Retirement Investing: Tips for Creating the Proper Asset Allocation

No matter what retirement savings vehicle you're using – 401(k), Roth IRA, Traditional IRA, or some combination of the three – once you find the money to stash away, you can easily set up automatic contributions each month. By doing so, the money is whisked out of your bank account before you ever have a chance to spend it. But that doesn't mean your role in the retirement savings game is over.You will also need to determine how you want to invest that money. Within each plan, there are a range of investment options (in general, IRAs have significantly more options than a 401(k)) that you'll need to choose among. But first, you'll need to weigh a few factors about yourself – including your age, your risk tolerance, and when you plan to retire – and then figure out how you are going to spread your money across the different investment categories. This is called an asset allocation.

Figuring Out the Right Asset Allocation for You

You've no doubt heard the advice that you should not put all your eggs in one basket. That is exactly what an asset allocation aims to avoid. If you throw all of your money into stocks, and the stock market takes a dive, you're toast. Same goes with bonds and cash. A typical asset allocation includes various stocks, or equities, for long-term growth, bonds for income and security, and cash for short-term needs. How much you hold of each category is up to you, but there are a few rules of thumb to follow:
  • Take risk early on. The younger you are, the more risk you can take because your portfolio has more time to bounce back if it hits a bump. Stocks are the riskiest investment, but they also have the greatest return. Money you don't need to touch for a long time – 10 years or so – belongs in stocks. Round out your portfolio with bonds, which provide a smaller return in exchange for less risk, and cash investments, like money market funds and CDs. How much you should have of each is a personal decision, but – as an example – the typical 40 year old might have 60% in stocks, 30% in bonds, and 10% in fixed-income, or cash.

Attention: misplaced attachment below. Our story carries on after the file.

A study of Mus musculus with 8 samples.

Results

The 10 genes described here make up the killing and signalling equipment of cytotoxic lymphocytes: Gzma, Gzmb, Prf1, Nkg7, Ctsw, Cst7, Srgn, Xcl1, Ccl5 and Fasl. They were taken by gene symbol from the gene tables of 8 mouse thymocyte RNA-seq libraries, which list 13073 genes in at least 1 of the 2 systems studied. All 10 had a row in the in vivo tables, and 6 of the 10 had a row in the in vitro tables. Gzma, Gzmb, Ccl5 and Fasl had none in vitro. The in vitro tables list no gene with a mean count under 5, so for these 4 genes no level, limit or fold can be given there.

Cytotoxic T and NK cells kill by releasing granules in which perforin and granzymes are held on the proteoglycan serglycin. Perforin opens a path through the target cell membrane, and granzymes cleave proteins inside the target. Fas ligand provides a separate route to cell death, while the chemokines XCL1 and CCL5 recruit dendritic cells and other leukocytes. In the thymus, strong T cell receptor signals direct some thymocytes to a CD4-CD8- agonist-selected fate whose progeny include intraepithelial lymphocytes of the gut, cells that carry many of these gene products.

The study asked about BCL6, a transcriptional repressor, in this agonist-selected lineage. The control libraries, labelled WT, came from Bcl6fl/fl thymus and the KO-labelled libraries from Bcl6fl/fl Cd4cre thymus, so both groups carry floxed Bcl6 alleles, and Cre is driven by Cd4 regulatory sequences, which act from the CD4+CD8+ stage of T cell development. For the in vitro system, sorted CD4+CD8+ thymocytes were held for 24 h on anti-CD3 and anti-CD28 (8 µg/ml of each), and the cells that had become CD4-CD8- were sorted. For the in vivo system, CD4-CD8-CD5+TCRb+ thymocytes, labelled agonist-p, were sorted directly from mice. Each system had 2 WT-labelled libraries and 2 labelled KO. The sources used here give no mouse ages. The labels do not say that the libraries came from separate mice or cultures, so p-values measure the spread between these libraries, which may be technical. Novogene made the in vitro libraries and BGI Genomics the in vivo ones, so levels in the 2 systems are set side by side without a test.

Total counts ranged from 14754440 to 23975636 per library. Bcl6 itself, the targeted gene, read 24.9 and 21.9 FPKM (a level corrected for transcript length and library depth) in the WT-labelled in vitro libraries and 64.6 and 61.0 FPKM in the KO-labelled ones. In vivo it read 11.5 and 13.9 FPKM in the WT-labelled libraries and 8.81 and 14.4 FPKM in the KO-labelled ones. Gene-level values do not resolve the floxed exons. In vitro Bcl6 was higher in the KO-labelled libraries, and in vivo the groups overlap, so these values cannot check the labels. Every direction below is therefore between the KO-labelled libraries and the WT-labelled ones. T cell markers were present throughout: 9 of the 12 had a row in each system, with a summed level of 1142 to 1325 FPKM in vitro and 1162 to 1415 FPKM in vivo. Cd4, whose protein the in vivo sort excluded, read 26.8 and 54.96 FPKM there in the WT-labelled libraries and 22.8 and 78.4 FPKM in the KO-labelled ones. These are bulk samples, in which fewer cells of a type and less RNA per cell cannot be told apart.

• Buy buckets. Instead of picking and choosing individual stocks – a heavy undertaking, and risky for the novice investor – buy index funds or exchange-traded funds. These allow you to buy a piece of multiple investments, a much more diversified risk because if one company falters, the others will (hopefully) even things out. "Look for a vehicle that will gives you more numbers than less – in other words, how many underlying securities are in that fund? You can buy a mutual fund with as little as 40 companies represented, or one with 1500. The more companies represented, the better diversified you are," says Cathy Pareto, a fee-only financial planner in Coral Gables, Fla.
  • Think globally. "This is starting to change as people realize we're living in a global world, but a lot of people still tend to overweight their own country. They focus on U.S. investments considerably, versus international or even emerging markets," says Pareto. You don't have to be familiar with companies in other countries – you can purchase an international index fund to cover your bases.
  • Stay on top of it. You can't, unfortunately, set it and forget it. The market moves, and your allocation can get out of whack. You'll also age – I'm sorry, it's unavoidable – and your risk tolerance may change. So about once a year, look at where you stand and see if you're still comfortable.
  • Finally, don't be afraid to get help. There are financial planners out there who will work with you on an hourly basis, if that's all you can afford, just to help you check on things. You can find one near you through the Garrett Planning Network. A pair of expert eyes is very often worth the money.